Photography can be quite a challenge. One of the ones I think I figured out recently is the “f”.
Photography isn’t just taking pictures. It’s deciding how to take a picture that triggers emotions. Otherwise, it’s just a snapshot of a moment in time.
I was travelling through the countryside last week and came across an old drive-in movie theatre. It had obviously been abandoned for some time leaving me feeling sad and nostalgic. I wanted to share that feeling. I like to think the photo to the left achieved that.
In order for people to feel what I did, I needed to frame the scene so that the viewer could sense the passing of time and the nostalgia that I was felling. I tried a few different angles and decided on the one here.
To see other photos taken that day and get a sense of what it took to decide, click this link.
Now, photography and what the “f”?!
What the “f”?!
When talking about photography and I say what the “f”, i’m talking about the f-stop on my camera.
Now that I have chosen my lens and how to frame my shot, I need to decide how to set the f-stop or otherwise known as aperture. The aperture is the opening in the back of the lens that controls how much light gets through to the sensor on the camera. Now, I haven’t reached that stage yet where I set the f-stop manually on a regular basis. I usually set the ISO and let the camera do the rest. That was the case in the shot above.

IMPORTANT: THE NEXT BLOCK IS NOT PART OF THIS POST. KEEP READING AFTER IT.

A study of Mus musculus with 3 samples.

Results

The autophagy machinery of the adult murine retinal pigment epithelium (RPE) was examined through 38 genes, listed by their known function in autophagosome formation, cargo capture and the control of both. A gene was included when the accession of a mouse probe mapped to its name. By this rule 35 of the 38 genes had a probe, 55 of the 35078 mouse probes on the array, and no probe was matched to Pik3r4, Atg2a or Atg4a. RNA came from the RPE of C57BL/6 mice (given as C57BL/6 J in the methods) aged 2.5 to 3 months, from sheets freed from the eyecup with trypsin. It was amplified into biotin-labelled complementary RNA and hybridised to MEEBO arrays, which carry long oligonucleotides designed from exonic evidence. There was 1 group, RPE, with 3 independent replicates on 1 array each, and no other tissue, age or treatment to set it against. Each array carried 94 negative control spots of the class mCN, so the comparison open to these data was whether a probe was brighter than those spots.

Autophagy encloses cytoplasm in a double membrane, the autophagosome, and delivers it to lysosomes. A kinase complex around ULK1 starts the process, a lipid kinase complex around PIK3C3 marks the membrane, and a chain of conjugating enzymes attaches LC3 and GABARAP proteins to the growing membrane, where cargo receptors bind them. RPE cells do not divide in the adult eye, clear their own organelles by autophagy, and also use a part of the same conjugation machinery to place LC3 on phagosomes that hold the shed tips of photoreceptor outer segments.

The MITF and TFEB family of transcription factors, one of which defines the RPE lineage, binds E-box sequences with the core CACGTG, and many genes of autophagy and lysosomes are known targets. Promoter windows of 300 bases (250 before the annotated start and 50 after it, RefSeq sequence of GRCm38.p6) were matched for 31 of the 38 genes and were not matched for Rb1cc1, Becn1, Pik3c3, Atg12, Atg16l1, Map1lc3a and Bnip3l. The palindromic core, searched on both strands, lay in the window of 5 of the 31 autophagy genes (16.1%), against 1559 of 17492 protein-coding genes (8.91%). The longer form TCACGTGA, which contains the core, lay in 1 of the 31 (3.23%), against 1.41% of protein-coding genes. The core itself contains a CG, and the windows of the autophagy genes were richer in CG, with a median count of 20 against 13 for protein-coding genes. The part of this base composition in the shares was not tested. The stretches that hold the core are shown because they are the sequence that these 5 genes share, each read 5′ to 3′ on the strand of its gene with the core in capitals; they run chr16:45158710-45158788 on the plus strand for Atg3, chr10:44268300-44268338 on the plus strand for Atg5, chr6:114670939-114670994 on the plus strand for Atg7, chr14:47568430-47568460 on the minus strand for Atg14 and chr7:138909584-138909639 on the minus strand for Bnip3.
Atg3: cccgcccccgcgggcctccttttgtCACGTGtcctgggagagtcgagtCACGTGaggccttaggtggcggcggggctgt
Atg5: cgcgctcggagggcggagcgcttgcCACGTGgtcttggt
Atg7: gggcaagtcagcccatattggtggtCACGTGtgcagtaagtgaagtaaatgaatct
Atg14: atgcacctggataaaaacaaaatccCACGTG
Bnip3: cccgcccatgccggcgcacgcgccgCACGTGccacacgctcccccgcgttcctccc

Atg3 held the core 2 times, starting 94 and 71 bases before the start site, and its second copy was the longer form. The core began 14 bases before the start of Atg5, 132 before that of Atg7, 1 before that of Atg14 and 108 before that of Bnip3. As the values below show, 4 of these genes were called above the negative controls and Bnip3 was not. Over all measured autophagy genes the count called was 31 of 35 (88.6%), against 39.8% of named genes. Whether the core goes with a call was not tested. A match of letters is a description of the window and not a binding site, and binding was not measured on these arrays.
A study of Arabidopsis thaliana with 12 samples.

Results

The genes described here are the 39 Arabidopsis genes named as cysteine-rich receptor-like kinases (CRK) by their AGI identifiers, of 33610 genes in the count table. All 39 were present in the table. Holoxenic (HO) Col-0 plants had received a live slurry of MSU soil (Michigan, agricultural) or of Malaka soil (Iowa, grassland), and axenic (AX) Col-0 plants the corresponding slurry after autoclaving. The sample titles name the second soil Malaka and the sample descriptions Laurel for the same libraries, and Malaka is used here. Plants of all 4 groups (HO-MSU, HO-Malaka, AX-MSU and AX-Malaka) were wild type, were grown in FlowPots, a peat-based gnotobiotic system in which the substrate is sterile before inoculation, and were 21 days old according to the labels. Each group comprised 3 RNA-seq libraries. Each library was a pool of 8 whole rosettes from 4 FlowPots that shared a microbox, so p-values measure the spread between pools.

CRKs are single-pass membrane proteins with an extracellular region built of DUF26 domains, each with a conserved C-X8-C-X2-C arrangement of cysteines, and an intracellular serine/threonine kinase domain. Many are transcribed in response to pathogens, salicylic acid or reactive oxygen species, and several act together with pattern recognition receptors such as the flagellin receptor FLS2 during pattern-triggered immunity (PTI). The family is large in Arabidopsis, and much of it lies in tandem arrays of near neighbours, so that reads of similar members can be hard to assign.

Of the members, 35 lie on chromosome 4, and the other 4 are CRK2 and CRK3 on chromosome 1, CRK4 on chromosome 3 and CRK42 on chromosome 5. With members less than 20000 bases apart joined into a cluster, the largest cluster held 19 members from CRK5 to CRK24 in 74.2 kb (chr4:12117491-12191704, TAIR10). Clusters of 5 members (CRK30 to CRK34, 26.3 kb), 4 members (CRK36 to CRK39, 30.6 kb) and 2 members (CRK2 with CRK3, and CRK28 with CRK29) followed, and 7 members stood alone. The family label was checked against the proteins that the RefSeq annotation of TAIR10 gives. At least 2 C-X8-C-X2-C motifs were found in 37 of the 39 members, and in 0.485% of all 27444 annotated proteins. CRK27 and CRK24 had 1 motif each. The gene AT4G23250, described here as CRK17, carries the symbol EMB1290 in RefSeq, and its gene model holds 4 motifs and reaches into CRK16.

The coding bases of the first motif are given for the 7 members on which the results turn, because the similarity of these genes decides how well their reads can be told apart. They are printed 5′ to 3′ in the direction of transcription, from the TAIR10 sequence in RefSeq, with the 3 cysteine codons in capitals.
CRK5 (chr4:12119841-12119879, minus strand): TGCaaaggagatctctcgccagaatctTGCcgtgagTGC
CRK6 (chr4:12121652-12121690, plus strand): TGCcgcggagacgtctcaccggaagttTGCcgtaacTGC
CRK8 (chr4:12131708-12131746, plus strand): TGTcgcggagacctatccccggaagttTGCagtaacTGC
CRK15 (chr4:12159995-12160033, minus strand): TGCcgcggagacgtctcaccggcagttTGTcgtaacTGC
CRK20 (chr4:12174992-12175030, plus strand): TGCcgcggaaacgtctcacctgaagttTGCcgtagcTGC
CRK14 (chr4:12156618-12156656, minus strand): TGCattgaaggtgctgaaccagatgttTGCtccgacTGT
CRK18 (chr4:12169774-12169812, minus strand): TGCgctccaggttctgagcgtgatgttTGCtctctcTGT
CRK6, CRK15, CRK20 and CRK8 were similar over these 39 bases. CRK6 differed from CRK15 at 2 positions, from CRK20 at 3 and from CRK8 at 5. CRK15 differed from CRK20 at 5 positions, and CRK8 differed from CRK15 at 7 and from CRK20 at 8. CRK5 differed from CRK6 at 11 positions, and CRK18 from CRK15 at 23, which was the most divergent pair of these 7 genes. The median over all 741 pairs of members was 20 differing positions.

Recently, I purchased a Pentax DA 50mm lens, f1.8. This means the “lowest” f-stop, or largest aperture is 1.8. Go figure, the lower the f-stop, the bigger the hole for the light to come through! What this means for me is that I can take pictures in lower light and/or take a shot that obscures the background more. In the photo to the right, I was able to take a handheld shot at my commuter train station at 5:30am, 1/15th sec, ISO 1600 without the assistance of flash by setting the camera manually to f1.8.
Lenses like this are often referred to as a “fast” lens because of the ability to use a much faster shutter speed. This is because of the extra alight allowed to reach the sensor by the larger opening (aperture).
So, to summarize, photography is the art of being to create (not just take) a photo that causes the viewer to feel something and that “f” I referred to, is what determines how much or little light you need and also how much detail is shown throughout the whole picture.
To see more photos, there are a few places you can follow along as I continue my learning journey:
- Guru Shots:
- If you own a Pentax, you can follow a group of us along at:
- Or you can follow my personally at:
I hope I haven’t confused you as much as I was!
Make it a great day,
P.S. What am I grateful for today? I’m grateful for Pentax, eBay and a patient wife. What are you grateful for today?